By Tanya Roth, Esq. on August 10, 2012 | Last updated on March 21, 2019

The First Circuit Court of Appeals ruled against a Massachusetts wastewater treatment plant in an August 3 decision.

But not all are happy with the decision. The Mayor of Worcester, for one, is debating what to do next, in light of the First Circuit’s upholding of the stringent environmental limitations on the Millbury facility, reports the Telegram News.

The treatment plant, which was discharging into the Blackstone River, was appealing the stricter pollution limits of the Environmental Protection Agency.

At the center of this dispute is a law known as the Clean Water Act (CWA), which places limits on the amounts of nitrogen and phosphorus that sewage treatment facilities may discharge into bodies of water.

The Congressional intent behind this Act was to maintain the long term viability of the nation's water resources, cites the First Circuit opinion. Under the CWA, the Environmental Protection Agency has authority to enforce these standards through their issuance of permits and licenses.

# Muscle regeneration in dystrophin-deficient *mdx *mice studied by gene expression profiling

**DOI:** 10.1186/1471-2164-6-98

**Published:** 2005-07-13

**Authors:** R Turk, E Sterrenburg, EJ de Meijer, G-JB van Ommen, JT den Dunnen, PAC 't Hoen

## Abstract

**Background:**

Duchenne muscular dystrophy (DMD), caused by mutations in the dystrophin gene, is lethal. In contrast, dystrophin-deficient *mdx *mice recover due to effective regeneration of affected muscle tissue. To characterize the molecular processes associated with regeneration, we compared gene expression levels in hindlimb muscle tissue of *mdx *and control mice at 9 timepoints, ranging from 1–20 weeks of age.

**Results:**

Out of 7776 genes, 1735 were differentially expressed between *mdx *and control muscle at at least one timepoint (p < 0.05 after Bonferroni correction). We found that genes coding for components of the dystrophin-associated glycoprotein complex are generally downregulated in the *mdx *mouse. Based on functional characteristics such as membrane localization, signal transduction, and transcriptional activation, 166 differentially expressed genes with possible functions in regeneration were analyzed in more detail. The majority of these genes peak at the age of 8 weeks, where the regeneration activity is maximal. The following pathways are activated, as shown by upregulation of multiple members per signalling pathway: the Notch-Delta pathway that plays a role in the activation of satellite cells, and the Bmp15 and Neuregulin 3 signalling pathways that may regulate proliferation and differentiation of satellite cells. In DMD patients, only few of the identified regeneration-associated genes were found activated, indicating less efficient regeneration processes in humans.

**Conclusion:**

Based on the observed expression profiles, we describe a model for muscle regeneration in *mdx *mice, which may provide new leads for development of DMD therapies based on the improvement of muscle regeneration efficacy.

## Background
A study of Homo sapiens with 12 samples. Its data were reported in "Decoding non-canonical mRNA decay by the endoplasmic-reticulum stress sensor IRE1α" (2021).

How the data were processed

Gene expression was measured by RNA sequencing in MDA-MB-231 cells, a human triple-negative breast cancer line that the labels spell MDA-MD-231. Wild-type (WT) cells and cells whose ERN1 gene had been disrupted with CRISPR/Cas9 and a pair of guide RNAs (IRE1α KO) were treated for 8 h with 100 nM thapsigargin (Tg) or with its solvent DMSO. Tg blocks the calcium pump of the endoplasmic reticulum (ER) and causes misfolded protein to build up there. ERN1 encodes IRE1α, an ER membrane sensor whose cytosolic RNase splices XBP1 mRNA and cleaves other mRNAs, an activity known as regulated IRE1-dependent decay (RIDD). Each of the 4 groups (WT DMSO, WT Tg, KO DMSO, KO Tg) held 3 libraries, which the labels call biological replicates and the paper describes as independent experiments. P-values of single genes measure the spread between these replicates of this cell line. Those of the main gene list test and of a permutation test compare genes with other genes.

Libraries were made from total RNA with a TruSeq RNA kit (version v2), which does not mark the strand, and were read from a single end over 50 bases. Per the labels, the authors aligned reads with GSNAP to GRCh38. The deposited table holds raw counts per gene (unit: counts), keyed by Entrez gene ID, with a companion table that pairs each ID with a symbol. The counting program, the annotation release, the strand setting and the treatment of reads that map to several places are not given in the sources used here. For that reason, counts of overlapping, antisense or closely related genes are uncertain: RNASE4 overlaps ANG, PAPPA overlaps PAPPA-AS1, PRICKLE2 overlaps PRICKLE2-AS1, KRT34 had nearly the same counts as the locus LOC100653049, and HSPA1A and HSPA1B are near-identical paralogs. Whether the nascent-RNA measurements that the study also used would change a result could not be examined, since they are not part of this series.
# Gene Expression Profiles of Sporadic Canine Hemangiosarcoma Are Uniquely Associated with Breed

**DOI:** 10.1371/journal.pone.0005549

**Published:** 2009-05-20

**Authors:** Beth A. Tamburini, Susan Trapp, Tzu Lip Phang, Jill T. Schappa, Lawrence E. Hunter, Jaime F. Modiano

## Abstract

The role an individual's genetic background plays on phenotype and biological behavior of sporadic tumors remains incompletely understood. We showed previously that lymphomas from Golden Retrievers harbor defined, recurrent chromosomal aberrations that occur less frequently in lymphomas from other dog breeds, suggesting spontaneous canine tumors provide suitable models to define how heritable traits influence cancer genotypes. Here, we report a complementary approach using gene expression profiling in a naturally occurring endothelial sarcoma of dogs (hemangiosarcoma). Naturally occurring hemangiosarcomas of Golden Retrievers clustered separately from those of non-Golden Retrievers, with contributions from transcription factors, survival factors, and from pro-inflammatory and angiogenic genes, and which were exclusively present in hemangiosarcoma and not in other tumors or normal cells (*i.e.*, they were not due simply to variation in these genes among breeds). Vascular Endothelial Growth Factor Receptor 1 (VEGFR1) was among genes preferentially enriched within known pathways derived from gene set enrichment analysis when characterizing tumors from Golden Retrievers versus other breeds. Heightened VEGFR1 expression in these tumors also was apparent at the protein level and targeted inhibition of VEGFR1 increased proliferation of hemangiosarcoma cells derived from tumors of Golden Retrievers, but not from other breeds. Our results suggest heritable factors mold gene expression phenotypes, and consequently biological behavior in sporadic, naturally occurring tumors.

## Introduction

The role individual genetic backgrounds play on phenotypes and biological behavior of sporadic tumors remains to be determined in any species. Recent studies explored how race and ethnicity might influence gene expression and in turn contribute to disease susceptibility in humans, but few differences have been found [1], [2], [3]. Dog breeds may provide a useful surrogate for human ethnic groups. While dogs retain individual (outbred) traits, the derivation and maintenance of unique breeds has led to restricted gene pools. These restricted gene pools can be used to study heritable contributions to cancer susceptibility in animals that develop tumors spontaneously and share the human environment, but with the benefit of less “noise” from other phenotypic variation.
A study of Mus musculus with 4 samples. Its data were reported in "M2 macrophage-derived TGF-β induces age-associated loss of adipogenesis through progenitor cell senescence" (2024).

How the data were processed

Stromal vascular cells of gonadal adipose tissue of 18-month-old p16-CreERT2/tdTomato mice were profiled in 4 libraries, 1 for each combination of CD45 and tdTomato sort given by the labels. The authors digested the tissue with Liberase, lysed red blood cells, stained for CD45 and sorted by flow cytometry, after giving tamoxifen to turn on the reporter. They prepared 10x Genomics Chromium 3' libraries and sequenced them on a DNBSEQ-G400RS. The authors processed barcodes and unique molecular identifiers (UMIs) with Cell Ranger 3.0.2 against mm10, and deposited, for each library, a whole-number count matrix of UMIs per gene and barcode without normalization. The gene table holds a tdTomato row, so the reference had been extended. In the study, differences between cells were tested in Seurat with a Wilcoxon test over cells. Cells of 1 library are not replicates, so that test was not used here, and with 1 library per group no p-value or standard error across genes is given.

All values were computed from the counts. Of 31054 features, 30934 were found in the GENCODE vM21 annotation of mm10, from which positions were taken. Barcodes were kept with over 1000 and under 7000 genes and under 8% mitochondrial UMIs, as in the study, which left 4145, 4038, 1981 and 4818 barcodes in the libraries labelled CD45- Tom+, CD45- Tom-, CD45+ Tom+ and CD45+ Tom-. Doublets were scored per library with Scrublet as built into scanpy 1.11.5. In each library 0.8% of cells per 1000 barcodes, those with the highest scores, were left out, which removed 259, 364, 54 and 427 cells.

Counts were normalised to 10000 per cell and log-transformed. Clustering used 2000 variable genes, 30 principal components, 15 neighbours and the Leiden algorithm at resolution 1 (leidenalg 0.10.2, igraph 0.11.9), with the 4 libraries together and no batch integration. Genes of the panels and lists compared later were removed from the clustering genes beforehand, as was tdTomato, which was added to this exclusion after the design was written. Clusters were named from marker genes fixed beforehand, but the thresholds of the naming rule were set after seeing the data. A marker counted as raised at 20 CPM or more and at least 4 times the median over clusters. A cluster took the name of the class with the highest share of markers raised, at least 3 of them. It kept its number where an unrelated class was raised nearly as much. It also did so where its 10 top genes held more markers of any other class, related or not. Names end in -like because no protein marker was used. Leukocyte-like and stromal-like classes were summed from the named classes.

The Upper Blackstone Water Pollution Abatement District challenged the permit limitations for nitrogen, phosphorus and aluminum, citing that the EPA used inadequate and unreliable scientific record when setting the permit's limitations.

The First Circuit Court of Appeals applied the Administrative Procedures Act to determine whether the EPA's actions were "arbitrary, capricious, an abuse of discretion, or otherwise not in accordance with law."

Mayor Joseph M. Petty of Worcester has indicated that he might appeal the decision, reports the Telegram. If he appeals, the next step would be the U.S. Supreme Court. The First Circuit's decision, he says, places a burden on the taxpayers of Worcester.